Sometimes numbers are enlightening. They reveal things that no one else was able to see, sometimes though they merely confirm what everyone already knew. In the case of the Big East Conference it's more of the latter, but some of the former, when looking at points contributed.
Points contributed is a statistic unique to Chicago College Basketball. For more about how it works and how it's calculated please check out the FAQ. There are some changes from the Big Ten calculations. I was able to easily acquire in conference statistics from the Big East's web site, so the data is only for the 18 Big East games that each team played. Also, with 16 teams instead of 11 you'd expect the numbers to have a much broader range. To that end, I have good news to report, five of the six players on the Big East First Team - as voted on by the conference's coaches at the end of the season - are in the top five players in terms of points contributed. Every player on the Big East First, Second or Third team appears in the top 34 players according to points contributed.
Still, there are some pretty interesting things to gleam from the numbers. More about that after the jump.
When it comes to the best player in the Big East, points contributed agrees with the consensus of media and coaches alike from last season. Notre Dame's Luke Harangody put up some absolutely ridiculous numbers for the Fighting Irish in 2008-09. Harangody averaged 25.2 points per game and 12.8 rebounds per game. Another big man came surprisingly close to matching him. Pittsburgh's DeJuan Blair put up 16.1 points per game and 12.8 rebounds per game. In terms of total points contributed here are the Top 6 from the Big East regular season:
- Luke Harangody, Notre Dame - 468.4
- DeJuan Blair, Pittsburgh - 460.2
- Hasheem Thabeet, Connecticut - 427.6
- Terrence Williams, Louisville - 378.1
- Jerel McNeal, Marquette - 362.8
- Greg Monroe, Georgetown - 338.4
It might be surprising to see Georgetown's freshman center Monroe up there with some of the heavyweights in the conference, but he actually had an outstanding Big East regular season. Monroe 12.9 points per game and 7.9 rebounds per game. He also contributed with steals and blocks while converting on 55.9% of his shots. But at the end of the season the only place Monroe appeared was in the Big East All-Rookie Team. Is there a rule against including freshman on the All-Conference teams? He certainly deserved more.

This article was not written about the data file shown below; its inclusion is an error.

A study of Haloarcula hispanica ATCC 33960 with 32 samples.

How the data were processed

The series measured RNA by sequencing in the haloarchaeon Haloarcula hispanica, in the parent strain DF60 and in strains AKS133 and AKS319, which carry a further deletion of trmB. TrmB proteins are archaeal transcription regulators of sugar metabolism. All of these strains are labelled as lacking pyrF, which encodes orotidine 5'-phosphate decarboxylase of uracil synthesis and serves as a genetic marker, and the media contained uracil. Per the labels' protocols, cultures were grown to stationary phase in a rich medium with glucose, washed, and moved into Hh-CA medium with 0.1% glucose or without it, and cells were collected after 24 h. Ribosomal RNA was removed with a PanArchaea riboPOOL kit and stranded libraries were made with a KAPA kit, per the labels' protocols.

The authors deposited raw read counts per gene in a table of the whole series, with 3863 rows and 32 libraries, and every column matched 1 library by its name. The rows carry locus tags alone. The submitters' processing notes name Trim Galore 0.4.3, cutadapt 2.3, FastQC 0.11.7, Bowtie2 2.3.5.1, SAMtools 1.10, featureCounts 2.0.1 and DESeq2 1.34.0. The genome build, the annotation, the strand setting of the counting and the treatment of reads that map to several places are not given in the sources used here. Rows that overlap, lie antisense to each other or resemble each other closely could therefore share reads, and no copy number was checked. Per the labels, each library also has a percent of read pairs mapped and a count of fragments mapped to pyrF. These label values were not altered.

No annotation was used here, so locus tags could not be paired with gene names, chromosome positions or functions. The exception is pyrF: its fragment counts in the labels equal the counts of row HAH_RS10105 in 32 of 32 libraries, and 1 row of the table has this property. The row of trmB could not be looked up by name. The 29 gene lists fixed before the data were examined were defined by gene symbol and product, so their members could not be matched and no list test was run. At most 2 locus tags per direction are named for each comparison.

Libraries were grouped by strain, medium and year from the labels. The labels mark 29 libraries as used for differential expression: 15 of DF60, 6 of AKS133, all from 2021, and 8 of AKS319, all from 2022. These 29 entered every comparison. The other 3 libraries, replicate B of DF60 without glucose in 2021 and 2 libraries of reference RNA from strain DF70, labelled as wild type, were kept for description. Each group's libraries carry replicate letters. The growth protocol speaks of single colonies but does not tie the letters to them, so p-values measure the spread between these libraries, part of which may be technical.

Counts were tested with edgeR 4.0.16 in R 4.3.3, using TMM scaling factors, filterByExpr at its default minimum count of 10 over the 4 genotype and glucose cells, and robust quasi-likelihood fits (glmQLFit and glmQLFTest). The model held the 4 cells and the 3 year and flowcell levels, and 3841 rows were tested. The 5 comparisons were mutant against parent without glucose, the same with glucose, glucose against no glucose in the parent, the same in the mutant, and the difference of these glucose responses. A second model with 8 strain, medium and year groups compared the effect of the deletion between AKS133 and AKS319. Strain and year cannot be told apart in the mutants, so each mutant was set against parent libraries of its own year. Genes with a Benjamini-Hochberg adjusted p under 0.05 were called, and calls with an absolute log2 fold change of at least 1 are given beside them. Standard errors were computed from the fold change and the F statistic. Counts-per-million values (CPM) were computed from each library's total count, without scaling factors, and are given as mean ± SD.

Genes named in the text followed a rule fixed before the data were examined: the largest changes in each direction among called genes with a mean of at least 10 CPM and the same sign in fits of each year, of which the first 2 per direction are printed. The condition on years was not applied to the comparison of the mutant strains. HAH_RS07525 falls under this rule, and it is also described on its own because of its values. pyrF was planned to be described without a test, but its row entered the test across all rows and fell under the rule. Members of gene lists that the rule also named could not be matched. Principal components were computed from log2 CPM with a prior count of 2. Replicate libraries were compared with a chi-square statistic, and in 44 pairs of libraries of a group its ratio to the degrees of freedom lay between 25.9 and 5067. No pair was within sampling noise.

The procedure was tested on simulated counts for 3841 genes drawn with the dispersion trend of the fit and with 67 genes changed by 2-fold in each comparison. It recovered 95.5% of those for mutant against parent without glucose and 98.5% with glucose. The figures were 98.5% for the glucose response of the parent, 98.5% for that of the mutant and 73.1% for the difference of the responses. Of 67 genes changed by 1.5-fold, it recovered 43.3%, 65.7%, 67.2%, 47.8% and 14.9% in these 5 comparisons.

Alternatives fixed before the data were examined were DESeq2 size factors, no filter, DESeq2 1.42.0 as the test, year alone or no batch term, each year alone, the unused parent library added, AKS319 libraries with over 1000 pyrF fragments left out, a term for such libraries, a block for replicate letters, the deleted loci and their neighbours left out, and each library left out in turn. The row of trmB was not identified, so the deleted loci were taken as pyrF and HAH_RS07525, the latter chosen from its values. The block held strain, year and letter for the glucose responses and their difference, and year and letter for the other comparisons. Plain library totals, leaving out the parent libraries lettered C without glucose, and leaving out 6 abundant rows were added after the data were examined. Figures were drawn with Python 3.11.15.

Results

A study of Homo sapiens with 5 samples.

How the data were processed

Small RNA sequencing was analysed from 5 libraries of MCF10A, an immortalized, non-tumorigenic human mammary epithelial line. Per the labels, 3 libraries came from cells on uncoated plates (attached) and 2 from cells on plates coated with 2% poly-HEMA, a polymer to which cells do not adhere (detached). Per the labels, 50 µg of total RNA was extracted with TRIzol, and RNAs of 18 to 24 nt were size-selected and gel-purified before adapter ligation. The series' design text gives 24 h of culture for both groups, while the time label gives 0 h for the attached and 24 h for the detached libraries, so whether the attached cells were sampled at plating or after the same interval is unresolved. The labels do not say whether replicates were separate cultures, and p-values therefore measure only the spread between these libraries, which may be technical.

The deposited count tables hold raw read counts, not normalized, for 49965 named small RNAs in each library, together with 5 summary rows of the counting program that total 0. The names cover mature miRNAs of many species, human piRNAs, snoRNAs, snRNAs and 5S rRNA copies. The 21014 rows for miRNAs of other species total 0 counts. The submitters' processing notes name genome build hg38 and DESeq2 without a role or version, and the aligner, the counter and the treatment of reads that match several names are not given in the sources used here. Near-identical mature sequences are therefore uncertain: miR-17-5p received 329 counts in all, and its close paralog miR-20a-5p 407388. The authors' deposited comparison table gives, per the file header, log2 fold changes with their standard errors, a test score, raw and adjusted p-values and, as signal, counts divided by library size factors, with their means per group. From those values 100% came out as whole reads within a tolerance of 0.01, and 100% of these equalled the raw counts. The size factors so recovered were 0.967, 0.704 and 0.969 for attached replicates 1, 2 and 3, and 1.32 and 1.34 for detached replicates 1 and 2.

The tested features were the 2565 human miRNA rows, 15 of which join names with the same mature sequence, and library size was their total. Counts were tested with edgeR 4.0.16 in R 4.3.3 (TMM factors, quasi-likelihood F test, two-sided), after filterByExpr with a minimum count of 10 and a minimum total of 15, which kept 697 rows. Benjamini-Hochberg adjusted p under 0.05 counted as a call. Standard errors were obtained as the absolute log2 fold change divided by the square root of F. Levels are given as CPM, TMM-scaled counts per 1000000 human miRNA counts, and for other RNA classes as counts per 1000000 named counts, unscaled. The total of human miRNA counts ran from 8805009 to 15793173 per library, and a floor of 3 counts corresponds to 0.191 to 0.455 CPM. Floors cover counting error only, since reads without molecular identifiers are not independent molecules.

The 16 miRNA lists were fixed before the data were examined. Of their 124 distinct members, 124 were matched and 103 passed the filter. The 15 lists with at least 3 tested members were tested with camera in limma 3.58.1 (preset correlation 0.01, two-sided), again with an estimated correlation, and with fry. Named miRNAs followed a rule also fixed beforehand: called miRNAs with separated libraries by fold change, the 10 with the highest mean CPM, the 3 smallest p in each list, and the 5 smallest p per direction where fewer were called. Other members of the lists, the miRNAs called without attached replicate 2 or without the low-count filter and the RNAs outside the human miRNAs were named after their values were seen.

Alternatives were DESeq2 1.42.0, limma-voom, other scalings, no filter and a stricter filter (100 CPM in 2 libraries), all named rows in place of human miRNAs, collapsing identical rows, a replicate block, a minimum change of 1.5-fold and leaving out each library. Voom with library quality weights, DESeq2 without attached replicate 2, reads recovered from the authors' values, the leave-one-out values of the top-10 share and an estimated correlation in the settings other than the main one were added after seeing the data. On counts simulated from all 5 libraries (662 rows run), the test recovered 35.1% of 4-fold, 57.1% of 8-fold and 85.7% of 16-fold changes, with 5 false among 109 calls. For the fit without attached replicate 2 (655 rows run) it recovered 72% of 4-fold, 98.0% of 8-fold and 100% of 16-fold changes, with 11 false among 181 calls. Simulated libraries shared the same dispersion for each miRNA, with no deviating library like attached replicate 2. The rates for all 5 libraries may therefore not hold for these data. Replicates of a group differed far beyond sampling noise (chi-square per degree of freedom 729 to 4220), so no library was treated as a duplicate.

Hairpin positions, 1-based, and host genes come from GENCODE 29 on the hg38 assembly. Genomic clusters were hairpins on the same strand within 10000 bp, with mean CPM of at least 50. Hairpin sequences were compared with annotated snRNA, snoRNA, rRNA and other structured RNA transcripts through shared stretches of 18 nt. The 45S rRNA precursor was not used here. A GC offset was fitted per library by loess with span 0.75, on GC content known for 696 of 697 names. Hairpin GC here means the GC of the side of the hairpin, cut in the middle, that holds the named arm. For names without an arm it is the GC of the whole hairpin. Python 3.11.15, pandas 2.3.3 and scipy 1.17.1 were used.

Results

Then there's the name that isn't on the list. The only player not in the Top 6 and on the Big East First Team? Pittsburgh's Sam Young. Now, Young had a nice season. He contributed a lot to the Pittsburgh program and it's possible that the award was more a lifetime achievement recognition than anything else, but Young simply didn't deserve to be on the First Team. He didn't do much on the court besides score. An argument can be made that Young wasn't even the second best player on his own team. Blair and point guard Levance Fields both ranked significantly higher in the points contributed rankings.
There a few other questions the points contributed rankings raise. For instance, was Syracuse absolutely stiffed in the post-season awards? Here are the Top 5 players in points contributed who weren't on any of the four Big East teams:
- Mac Koshwal, DePaul - 286.3
- Lazar Hayward, Marquette - 282.8
- Paul Harris, Syracuse - 280.3
- Geoff McDermott, Providence - 274.2
- Rick Jackson, Syracuse - 270.0
Koshwal wasn't recognized on any of the Big East teams because the Blue Demons were terrible as a team. On his stats alone there's no question he should've been on the Big East Second or Third team. Hayward was overshadowed by his veteran teammates - McNeal and Wesley Matthews (11th in points contributed). McDermott suffered from a lack of team success and the fact this his teammate - Weyinmi Efejuku - had a very similar impact - and an easier name to remember.
Syracuse went 28-10 and 11-7 in conference, but Jonny Flynn - who was named to the Big East Second Team - was their only honoree? What happened to the Orange? Was it because of the zone defenses? The seemingly interchangeable nature of their front court? Whatever it was, the contributions of players like Harris and Jackson were undervalued in the mind of voters.
Finally, in case you needed any further confirmation about just how good Connecticut's Thabeet was at defense last season, look no further than defensive points contributed - a subset of the overall metric which includes blocks, steals and defensive rebounds. Here are the Top 7.
- Hasheem Thabeet, Connecticut - 200.5
- Geoff McDermott, Providence - 158.6
- Luke Harangody, Notre Dame - 157.1
- Terrence Williams, Louisville - 155.3
- DeJuan Blair, Pittsburgh - 143.8
- Earl Clark, Louisville - 142.9
- Gregory Echenique, Rutgers - 134.5
Thabeet was - literally - head and shoulders above the competition in this category. His game changing blocks and excellent defensive rebounding combined to form one of the most dominating defensive players I've ever seen in college. Echenique, the last player on the list, is an interesting case. The 6'9" freshman forward from Rutgers couldn't even make the All-Rookie Team even though he averaged 7.9 points per game, 7.8 rebounds per game and blocked 44 shots - second to Thabeet - in conference. This seems to be a case of the voters once again putting too much of a premium on scoring points instead of a player's overall contribution on the court.
Overall it seems like points contributed in the Big East has the possibility to open a lot of eyes. I'll have more on specific teams and players as the week continues. With 16 teams in the conference there's just too much to cover it all at once.